When it comes to street signs the ones in Israel tend to humor me. I can be sitting on a bus riding from Eilat, and see a sign for Jerusalem ahead. In America if you see a highway sign it is for a place that is close by. In Israel you could be six hours away and there will be a sign pointing north for the Golan. I found this was also similar in Jordan. When we first crossed the border we saw a sign for Petra, although we still had 2 and a 1/2 hours of driving left. Maybe it’s a middle eastern thing?
Another humorous thing I’ve observed while being here is the little variation Israel has in the names of their streets. In almost every new city or town in Israel there is are streets called, Bar Kochba, Eli Cohen, Rothschild, Ben Yehuda, etc. Israel became a state not too long ago, and it needed to be developed quickly. So it makes sense that a lot of these streets are named after important Israeli figures.
Ben Yehuda Street is one of my favorite streets in Jerusalem. It is filled with musicians playing instruments, people strolling around, and restaurants, bars, and shopping all surrounding them. On Birthright it was the one street name I actually remembered and when I came back to Jerusalem in August I couldn’t wait to go back there. Here is a picture back then of me with my best Birthright friend, Sharona. Check out how long my hair used to be!
As I have been traveling more through Israel these past few months I have been noticing many streets named “Ben Yehuda.” This is when I first began to realize the similarity of street names throughout all of the cities and towns in this lovely country. So who exactly is Ben Yehuda and why are there so many streets named after him?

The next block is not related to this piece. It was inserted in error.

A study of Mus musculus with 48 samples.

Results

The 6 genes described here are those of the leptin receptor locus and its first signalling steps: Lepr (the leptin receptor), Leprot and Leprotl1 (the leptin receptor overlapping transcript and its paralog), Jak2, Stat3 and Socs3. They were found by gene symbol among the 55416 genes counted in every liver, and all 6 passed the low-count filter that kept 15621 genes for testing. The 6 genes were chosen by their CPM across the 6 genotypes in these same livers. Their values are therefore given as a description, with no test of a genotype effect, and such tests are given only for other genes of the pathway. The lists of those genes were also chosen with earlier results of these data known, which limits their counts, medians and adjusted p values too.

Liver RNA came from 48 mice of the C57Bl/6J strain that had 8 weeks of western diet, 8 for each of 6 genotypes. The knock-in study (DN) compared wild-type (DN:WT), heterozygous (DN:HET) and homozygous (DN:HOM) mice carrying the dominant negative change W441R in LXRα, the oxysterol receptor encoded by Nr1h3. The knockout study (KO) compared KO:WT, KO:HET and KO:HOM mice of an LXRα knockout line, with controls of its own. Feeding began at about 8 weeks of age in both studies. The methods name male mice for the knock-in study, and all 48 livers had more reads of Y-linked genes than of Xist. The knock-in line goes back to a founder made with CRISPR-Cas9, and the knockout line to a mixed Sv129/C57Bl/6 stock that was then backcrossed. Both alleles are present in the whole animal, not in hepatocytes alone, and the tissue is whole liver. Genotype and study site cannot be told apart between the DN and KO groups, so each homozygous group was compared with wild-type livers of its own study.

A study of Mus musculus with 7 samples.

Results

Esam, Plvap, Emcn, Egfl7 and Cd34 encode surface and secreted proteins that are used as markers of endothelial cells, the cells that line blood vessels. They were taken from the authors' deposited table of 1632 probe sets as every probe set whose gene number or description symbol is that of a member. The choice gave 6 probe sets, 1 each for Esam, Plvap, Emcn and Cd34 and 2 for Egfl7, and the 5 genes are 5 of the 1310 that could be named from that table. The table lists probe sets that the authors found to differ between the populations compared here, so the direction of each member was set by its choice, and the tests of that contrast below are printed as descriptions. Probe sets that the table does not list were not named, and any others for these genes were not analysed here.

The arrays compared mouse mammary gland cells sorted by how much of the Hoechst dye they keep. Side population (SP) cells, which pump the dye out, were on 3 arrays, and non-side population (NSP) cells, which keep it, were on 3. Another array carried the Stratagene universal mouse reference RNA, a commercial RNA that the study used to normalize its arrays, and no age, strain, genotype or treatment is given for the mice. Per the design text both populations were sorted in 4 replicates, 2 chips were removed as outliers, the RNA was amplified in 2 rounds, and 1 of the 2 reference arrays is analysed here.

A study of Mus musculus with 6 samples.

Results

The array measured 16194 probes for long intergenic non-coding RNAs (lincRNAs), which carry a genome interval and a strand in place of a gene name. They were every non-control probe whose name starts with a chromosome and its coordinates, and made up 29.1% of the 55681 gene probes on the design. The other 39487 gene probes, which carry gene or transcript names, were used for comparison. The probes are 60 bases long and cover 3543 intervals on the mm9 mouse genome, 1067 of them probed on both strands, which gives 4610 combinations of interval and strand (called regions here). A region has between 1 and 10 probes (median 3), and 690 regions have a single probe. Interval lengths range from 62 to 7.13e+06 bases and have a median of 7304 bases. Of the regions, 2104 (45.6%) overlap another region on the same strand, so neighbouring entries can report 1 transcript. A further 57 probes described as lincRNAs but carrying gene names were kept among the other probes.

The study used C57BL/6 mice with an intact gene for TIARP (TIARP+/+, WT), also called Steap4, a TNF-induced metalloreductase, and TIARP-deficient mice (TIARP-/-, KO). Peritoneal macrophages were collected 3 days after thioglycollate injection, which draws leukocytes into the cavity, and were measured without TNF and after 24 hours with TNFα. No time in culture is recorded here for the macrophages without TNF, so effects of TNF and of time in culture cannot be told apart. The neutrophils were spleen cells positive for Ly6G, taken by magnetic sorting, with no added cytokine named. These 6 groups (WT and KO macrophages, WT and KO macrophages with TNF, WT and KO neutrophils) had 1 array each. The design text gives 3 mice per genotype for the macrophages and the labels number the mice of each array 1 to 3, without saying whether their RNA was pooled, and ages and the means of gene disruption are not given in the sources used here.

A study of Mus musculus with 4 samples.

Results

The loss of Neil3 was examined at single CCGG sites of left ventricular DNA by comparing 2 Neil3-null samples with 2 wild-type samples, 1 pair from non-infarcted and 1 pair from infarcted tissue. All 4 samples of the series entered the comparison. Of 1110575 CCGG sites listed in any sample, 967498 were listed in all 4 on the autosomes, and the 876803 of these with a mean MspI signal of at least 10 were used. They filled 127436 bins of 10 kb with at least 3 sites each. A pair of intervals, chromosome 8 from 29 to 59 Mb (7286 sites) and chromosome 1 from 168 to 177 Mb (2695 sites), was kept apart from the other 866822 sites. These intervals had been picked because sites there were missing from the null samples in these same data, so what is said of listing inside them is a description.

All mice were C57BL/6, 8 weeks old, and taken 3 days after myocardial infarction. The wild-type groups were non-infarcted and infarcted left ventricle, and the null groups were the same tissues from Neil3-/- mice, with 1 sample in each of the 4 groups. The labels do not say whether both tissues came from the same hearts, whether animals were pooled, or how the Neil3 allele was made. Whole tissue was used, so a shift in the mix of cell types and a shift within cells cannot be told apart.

Unlike all of the “Main St.’s” in the states, “Ben Yehuda” is a bit more prominent for a street name to be used often. For over 2,000 years Hebrew was a dead language. But because of Eliezer Ben Yehuda the language has been revived and is now used every day.
In the past Jews only knew how to speak and read Hebrew for praying. But around 1880, Ben said, “We have a country and therefore, we have a language.” Ben Yehuda was a bit of a ‘meshugganah’ (crazy man in Yiddish, as said often by Larry David’s dad on Curb Your Enthusiasm). He was as stubborn as can be. Although don’t you kind of have to be if you want to revive a language and teach millions to follow along with you?
Many Hebrew words found in the Torah did not exist for an everyday language. For example, where is the word for ‘backbook mayim’ (waterbottle in Hebrew) in the Torah? Ben Yehuda decided to create new words for the Hebrew language. He took a lot of the roots from Russian because duh, duh, duh… he is from Russia. As I continue to learn the Hebrew language I’ve been noticing how much meaning there is behind the words. For example, “Beit Cholim” (hospital) literally means, “home for the sick people.” There are also many words that are actually the same in English (Tuna = Tuna, Tofu = Tofu), and of course some Yiddish is also thrown in there.
Ben Yehuda also helped toward enacting Ulpan — an intensive Hebrew learning course for all new immigrants to Israel. This is what I have been taking for the past three months. Without it I do not think I would have progressed nearly as quickly as I have in learning to read, write, and speak the language.
Within Israel and the Hebrew language there is a lot of direct meaning. This also humors me because many people travel to Israel to help find meaning in their own life. The Jerusalem Syndrome anyone?